Thursday 10th January 2019
The S&P/NZX 50 index fell 28.06 points, or 0.3 percent, to 8,919.16. Within the index, 23 stocks fell, 24 gained and three were unchanged. Turnover was $123 million.
Delegates from China and the US wrapped up three days of trade talks Wednesday and markets had been cheered by the first face-to-face negotiations since both sides agreed to a 90-day truce. China’s Commerce Ministry said the talks were extensive, and helped establish a foundation for the resolution of each others’ concerns, according to Reuters. However, there were few concrete details.
Equity markets were also cheered when minutes from the US Federal Reserves' December meeting underscored the central bank is willing to be patient about any future monetary tightening.
"We have had four days of stronger equity markets globally as investors anticipated the potential for a US-China deal," said Shane Solly, a portfolio manager at Harbour Asset Management. The "softer tone" from Federal Reserve officials had added to the upbeat mood, he said.
However, "we are having a bit of a pause today" and some stocks that gained - yesterday in particular - had seen some profit-taking, he said.
Ryman Healthcare was down 3.3 percent to $10.98 on slightly higher than normal volumes with 1 million shares changing hands. Fellow retirement village operator and developer Summerset shed 1.9 percent to $6.18 on very light volume. Earlier it said it sold 193 occupation rights in the three months to Dec. 31, versus 204 in the prior year, but that it has met its 2018 target to build 450 new units.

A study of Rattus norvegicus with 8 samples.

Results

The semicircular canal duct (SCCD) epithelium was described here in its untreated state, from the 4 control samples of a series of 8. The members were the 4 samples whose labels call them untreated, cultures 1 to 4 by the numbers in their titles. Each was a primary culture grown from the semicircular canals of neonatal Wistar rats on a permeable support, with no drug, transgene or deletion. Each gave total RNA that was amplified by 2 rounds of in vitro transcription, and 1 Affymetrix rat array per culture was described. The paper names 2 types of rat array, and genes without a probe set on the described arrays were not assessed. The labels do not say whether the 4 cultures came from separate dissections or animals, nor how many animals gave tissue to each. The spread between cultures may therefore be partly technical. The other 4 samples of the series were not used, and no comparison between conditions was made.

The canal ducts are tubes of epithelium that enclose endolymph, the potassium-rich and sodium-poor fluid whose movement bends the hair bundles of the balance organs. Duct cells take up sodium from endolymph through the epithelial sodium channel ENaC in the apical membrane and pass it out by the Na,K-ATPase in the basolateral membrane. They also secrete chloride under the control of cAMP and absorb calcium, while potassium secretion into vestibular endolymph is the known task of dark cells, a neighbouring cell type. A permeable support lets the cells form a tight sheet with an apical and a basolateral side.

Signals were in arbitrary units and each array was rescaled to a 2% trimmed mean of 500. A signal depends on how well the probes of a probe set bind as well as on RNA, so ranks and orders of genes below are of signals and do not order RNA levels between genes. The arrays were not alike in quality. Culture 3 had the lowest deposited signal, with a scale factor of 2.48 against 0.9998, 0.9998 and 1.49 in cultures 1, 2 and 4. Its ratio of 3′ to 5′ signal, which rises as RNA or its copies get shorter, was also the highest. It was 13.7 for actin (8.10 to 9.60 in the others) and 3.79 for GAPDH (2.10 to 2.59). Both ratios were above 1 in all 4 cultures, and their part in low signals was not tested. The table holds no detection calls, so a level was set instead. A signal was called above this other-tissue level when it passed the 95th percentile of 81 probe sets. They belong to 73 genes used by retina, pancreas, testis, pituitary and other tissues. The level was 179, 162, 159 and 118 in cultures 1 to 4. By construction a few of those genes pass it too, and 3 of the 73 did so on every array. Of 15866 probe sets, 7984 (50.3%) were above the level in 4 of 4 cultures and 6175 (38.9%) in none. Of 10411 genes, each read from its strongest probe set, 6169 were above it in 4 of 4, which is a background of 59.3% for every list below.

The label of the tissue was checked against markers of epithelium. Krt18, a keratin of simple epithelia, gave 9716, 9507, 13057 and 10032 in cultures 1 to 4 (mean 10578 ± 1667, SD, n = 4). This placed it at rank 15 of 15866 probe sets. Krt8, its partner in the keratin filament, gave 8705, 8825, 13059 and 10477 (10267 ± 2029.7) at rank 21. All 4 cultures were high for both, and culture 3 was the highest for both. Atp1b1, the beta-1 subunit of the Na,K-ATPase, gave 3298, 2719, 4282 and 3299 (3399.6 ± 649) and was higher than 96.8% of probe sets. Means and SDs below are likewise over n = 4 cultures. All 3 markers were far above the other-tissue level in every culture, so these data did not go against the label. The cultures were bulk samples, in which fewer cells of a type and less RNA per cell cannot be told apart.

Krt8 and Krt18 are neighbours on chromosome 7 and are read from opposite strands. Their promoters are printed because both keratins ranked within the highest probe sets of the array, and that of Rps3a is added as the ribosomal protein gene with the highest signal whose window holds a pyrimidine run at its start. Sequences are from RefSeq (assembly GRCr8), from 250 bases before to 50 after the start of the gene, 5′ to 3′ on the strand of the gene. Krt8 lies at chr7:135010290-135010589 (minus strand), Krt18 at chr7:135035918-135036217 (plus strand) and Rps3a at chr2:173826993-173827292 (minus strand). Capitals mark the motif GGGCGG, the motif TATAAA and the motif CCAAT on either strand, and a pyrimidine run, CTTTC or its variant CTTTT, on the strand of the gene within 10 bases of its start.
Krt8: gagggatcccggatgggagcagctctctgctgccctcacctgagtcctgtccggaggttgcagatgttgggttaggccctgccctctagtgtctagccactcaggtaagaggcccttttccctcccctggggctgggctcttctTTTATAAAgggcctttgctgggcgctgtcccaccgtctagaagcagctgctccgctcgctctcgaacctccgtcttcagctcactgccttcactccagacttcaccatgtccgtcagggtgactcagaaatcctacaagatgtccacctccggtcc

SkyCity shed 1.4 percent to $3.53 while Fletcher Building was down 0.2 percent to $4.97.
Kathmandu, which has been hard hit after reporting a weaker-than-expected Christmas trading period, shed 1.3 percent to $2.26. Volumes, however, were very thin with only about 69,000 shares trading hands.
Stocks like Heartland Group, up 2.2 percent to $1.42, and Gentrack, up 2.8 percent to $5.09, and Skellerup, which added 1 percent to $2.04, fared better. Solly noted they tend to be more favored by local investors.
The heaviest trading was in Spark, which again accounted for almost a quarter of total trading volume. It ended up 0.2 percent at $4.16. According to Solly, it is well held by international investors and Australian institutions so it "does tend to get more activity." Chorus shed 1.9 percent to $4.73.
Trade Me was also heavily traded, with 3.2 million shares changing hands versus its average daily volume of 855,741 over the past three months. Trade Me was unchanged at $6.33.
Solly said investors will now be shifting their attention to the upcoming reporting season. He noted that today's "Truckometer" data from ANZ Bank, which tracks heavy and light traffic as a gross domestic product indicator, is pointing to softness in the economy.
It was "pretty weak," Solly said.
"We had been anticipating the New Zealand economy would come off the boil and it is.
"We will be looking pretty carefully at companies that are New Zealand focused. There could be a little bit of risk around some of their earnings," he said.